I’m often asked by business owners and sales managers what metrics or numbers that I think they should be tracking.
Of course it’s a given to track sales revenues i.e. sales by customer, average invoice value, frequency of purchase etc. etc. You need to know who your largest customers are by revenue, which accounts have grown, declined, been lost altogether or have been gained in each relevant financial period. You need to be comparing year on year, month on month sales to monitor if you’re tracking to target. Not just to ‘have a look’, but to evaluate what these stats are telling you about the direction of your business.
In addition, you need to be tracking the leading indicators (revenues are generally historical/lagging indicators). Leading indicators are sales activities i.e. what your sales team is doing day in and day out. Are they doing enough of the right activities at the right skill level to generate the required sales in the future? For example if a rep only has R100k in their pipeline at the end of June and your average sales cycle is 3 months, it’s pretty obvious they won’t meet their R150k July sales target unless a large ‘bluebird’ sale swoops in unexpectedly.
I’m generally not a big fan of doing quick calculations to determine “ratios” i.e. closing ratios, lead to proposal ratios etc. etc. The reason being is that I prefer to delve far deeper into the quality of the activities and what the pipeline stats are really telling me. If you take a quick snapshot of “ratios” in a month – it is just that, a quick snapshot of THAT month at a moment in time. Some opportunities you think haven’t closed might close on the first day of the next month. Some that have closed might have been in the pipeline for 12 months already. Some in the pipeline should never have been quoted on in the first place, so those opportunities were not “lost” – they were never even “found”. One massive opportunity might have landed in rep’s lap without any sales effort at all i.e. an inbound bluebird as I’ve mentioned before.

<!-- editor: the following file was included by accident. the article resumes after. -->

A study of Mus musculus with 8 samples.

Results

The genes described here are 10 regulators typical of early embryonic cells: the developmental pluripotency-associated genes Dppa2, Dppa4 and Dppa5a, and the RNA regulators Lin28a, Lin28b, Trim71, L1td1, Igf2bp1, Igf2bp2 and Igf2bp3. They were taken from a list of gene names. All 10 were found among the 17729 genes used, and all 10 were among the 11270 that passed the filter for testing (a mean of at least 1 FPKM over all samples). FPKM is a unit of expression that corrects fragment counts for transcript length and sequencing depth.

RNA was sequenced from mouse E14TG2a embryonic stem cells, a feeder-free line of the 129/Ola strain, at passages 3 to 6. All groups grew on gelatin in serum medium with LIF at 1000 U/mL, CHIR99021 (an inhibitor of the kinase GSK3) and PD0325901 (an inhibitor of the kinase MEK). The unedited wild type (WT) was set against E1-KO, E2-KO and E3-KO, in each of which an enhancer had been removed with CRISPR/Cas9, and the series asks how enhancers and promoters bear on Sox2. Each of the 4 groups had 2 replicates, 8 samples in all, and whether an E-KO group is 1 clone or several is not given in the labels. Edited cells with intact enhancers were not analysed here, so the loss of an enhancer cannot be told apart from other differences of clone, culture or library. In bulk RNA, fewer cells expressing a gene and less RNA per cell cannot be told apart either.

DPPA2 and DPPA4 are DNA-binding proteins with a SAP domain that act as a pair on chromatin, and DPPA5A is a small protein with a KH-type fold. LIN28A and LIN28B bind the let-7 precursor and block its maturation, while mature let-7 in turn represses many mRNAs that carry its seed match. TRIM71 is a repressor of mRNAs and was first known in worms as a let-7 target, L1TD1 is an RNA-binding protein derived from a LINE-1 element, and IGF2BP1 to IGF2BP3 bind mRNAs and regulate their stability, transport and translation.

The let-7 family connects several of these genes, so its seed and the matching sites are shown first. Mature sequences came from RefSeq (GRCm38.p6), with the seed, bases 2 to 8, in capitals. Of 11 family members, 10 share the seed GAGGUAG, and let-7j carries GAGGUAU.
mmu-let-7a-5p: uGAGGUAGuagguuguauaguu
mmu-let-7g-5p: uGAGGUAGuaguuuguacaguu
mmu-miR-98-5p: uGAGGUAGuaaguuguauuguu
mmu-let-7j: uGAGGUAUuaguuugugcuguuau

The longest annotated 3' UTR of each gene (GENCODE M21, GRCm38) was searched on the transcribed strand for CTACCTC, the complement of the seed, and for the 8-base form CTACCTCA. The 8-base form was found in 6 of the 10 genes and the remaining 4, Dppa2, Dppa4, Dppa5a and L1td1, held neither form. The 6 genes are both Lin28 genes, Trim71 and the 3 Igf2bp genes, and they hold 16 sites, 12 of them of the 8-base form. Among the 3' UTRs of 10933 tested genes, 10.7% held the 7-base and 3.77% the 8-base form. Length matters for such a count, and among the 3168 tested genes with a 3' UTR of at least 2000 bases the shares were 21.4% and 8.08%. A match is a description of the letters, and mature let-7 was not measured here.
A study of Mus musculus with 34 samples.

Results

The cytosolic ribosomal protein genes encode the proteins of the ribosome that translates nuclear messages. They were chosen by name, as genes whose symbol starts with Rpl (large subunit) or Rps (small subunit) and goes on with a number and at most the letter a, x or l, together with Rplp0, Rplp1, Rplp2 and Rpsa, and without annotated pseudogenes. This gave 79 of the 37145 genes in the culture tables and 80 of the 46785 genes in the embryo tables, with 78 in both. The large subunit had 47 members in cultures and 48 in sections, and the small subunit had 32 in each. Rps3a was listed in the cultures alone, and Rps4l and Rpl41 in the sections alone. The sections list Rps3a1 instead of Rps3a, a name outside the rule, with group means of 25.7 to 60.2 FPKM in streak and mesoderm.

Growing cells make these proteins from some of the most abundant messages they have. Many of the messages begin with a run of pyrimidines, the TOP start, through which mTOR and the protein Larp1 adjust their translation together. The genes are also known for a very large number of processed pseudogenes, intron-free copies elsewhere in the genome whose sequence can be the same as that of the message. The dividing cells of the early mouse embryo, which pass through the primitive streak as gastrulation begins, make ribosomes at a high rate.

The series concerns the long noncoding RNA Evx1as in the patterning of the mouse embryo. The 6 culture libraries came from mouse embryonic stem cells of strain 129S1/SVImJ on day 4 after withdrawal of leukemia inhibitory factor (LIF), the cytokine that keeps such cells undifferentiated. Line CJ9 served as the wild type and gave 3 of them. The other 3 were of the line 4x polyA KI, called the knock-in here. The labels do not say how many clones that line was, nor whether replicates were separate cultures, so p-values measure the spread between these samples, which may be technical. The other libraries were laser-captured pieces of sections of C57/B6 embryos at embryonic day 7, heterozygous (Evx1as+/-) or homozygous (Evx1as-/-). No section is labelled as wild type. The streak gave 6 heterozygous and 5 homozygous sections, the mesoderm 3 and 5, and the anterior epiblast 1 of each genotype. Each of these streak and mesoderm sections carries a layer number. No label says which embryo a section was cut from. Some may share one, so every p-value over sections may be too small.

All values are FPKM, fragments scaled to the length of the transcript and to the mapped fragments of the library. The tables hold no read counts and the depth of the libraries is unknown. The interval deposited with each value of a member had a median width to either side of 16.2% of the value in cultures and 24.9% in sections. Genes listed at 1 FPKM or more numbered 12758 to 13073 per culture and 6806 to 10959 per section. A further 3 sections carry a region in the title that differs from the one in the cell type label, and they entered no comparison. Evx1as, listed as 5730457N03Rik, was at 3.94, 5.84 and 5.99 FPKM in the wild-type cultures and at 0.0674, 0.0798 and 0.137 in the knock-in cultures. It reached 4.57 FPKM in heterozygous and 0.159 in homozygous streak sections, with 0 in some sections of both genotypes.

Measuring a pipeline accurately is not that simple – it’s a moving target, related to the length of your sales cycle amongst many other factors. Again, you really have to be close to your team to manage it properly.
So … what to measure?
- Sales interactions. In the form of telephone calls and visits. Both quantity and quality – and again, the latter you can only do by being close enough to each member of your sales team to know exactly what and how they sell/interact with prospects and customers. It’s dependent on their skill to advance the sale through your sales process, not simply how many calls they make. Who is the better seller? The person who makes 5 good calls a week and gets 5 sales? Or the person who makes 50 calls a week and gets 5 sales?
- Pipeline velocity – how long those (qualified) leads, first appointments, quotes and follow ups have been sitting in your pipeline.
- Average sale value – no point in chasing 50 deals of R1k each if you should rather be chasing 5 deals of R10k. Especially for a small sales team under pressure. I’ve just recently refocused a very enthusiastic, hard working junior internal sales rep on looking for sales of a higher value and she is set to make her target shortly for the first time ever.
The truth is though, that just getting reps to report their own numbers for you is pointless if you’re not interrogating their numbers properly. As soon as a rep knows that you just want a piece of paper for the file, that’s all they’ll give you. Often referred to as a call report.
Work with them, get your hands dirty and you’ll soon get the ‘real’ numbers.
Quality will always beat quantity every day of the week. And weekend.